I touched on this a little the other day — how is college football going to deal with the likely possibility of uneven openings across the country? Judging from Brett McMurphy’s latest survey, not very well.
Perhaps the most perplexing question regarding the upcoming college football season is what does a conference do if all of its member schools can’t return their students to campus in the fall?
“This is the piece that is perplexing us all right now,” a Power Five AD said. “Additionally, what if a political body in one state says [the schools in that state] can’t play?”
“We cannot afford for a few boats to sink the fleet,” added one Group of Five AD, who asked his fellow league members for recommendations in case the entirety of their conference wasn’t able to play.
The states of Florida, North Carolina and Texas each have schools from four different conferences, while California is the home to four Pac-12 schools and three Mountain West schools. This could impact both leagues since California’s governor and local officials have said it would be unlikely California could hold sporting events before Thanksgiving.
“This is a great question that we often get stuck on — and this could happen,” said a Group of Five AD. “Those that could return, need to go to start the process of getting back to normal. At some point, things will get back on track and if some can safely make it happen, this gives hope for others who can’t. It also puts pressure on those who stand in the doorway preventing economic recovery.”
Added another Group of Five AD: “I could definitely see scenarios where all but one or two schools [from a conference] are ready to proceed and a season is played without them. I think the Group of Five would follow the Power Five’s lead and the Power Five conferences would defer to the TV networks to determine which [schedule] is preferable.”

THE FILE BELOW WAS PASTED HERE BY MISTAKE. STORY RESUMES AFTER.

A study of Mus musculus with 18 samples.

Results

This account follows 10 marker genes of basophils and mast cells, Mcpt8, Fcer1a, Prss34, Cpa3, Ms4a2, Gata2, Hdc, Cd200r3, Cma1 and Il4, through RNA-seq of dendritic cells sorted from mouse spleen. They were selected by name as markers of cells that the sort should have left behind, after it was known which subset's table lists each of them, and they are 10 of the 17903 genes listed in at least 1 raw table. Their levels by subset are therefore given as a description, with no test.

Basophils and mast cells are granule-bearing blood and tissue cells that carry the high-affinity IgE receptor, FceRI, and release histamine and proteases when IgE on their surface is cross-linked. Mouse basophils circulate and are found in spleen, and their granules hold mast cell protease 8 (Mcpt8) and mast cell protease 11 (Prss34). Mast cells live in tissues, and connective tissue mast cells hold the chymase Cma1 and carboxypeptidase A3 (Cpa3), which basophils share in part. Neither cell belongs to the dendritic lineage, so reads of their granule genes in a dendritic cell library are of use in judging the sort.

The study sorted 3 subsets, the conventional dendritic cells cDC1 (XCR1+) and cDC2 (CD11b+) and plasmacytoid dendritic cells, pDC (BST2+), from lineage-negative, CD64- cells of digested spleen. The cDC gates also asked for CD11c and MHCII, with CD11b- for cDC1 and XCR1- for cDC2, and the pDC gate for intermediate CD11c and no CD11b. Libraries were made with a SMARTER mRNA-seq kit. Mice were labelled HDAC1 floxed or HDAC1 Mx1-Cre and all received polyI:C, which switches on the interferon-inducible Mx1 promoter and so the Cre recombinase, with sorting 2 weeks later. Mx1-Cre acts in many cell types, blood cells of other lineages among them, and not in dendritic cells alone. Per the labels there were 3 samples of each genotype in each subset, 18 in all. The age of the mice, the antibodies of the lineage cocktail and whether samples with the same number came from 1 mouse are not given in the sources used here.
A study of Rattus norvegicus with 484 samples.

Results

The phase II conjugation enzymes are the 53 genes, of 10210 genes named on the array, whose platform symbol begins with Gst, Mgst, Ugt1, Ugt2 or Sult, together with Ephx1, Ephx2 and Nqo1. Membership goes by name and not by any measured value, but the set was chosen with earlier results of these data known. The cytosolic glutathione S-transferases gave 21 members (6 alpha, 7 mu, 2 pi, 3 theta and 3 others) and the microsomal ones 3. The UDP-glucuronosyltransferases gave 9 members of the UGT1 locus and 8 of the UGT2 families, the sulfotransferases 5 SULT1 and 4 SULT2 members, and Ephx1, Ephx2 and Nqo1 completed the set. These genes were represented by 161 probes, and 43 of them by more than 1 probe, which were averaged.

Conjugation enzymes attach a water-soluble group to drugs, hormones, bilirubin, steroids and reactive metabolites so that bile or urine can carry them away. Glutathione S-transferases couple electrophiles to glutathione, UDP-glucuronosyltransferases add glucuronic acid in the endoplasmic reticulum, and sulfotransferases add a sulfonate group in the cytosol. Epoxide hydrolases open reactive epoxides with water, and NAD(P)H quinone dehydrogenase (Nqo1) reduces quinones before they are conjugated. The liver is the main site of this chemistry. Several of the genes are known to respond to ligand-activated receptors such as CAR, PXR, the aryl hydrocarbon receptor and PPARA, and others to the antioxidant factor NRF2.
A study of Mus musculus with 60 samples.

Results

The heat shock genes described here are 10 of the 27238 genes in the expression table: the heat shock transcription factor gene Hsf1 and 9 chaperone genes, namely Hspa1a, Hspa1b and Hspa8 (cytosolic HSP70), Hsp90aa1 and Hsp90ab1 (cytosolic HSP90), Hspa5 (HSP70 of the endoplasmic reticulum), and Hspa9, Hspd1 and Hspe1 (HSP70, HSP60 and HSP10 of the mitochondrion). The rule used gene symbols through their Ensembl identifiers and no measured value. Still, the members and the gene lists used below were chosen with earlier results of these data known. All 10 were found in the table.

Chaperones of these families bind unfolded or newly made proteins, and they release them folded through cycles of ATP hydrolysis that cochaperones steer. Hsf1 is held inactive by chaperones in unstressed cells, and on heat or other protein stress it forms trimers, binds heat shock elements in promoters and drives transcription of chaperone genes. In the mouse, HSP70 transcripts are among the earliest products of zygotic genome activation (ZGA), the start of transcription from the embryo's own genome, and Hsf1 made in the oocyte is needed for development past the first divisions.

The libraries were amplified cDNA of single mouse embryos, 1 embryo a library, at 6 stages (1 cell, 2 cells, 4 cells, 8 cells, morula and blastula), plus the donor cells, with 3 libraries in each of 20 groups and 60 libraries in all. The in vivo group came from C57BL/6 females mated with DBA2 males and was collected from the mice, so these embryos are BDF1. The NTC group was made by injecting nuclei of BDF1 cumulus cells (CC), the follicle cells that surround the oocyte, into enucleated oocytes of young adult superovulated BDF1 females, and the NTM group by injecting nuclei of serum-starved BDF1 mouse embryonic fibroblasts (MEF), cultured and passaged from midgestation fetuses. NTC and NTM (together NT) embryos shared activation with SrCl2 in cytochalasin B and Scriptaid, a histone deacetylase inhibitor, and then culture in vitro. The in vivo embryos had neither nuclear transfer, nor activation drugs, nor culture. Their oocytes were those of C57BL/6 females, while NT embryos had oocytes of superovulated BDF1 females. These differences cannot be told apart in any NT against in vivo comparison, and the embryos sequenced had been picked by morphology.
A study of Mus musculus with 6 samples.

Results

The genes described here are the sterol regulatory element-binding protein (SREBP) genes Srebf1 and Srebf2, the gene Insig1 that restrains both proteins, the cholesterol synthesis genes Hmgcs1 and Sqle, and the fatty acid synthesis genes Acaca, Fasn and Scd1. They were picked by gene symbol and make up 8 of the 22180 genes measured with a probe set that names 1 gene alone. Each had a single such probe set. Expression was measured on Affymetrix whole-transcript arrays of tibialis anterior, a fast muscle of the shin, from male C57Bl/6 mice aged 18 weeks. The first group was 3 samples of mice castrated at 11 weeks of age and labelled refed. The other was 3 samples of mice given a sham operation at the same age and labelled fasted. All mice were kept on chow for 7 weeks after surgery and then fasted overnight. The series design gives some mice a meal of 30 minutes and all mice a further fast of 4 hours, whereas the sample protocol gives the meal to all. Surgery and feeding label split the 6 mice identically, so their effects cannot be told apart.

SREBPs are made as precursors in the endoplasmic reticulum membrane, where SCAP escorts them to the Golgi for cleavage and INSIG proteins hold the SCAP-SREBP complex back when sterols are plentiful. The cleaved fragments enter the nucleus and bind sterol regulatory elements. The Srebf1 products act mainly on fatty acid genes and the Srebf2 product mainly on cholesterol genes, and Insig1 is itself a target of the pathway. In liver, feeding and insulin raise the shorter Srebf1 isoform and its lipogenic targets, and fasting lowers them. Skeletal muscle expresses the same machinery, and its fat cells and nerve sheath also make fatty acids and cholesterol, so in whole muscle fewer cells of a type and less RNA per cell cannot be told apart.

If a conference decides to play football this season, but certain league members aren’t able to play, how would the television revenue be divided?
“Those that don’t play probably won’t get their full share of media rights revenue,” a Power Five AD said.
Yet another athletic director thought those programs would receive their share of revenue.
“I believe so,” the AD said. “When those schools who do not go to bowl games, NCAA tournaments or field competitive teams, they still share in the revenue.”
“Would the decision to play in the fall change if the schools that couldn’t play were Alabama, Auburn and LSU, compared with Vanderbilt, Tennessee or Missouri?” asked one AD who does not represent an SEC school. “I hope not, but these are unprecedented times.”
Every asshole for himself, in other words. Puts me in mind of one of my favorite Cheers quotes:
Can you imagine the political pressure that will be brought to bear in states with SEC schools where arena sports remain closed while other states within the SEC have opened arena sports?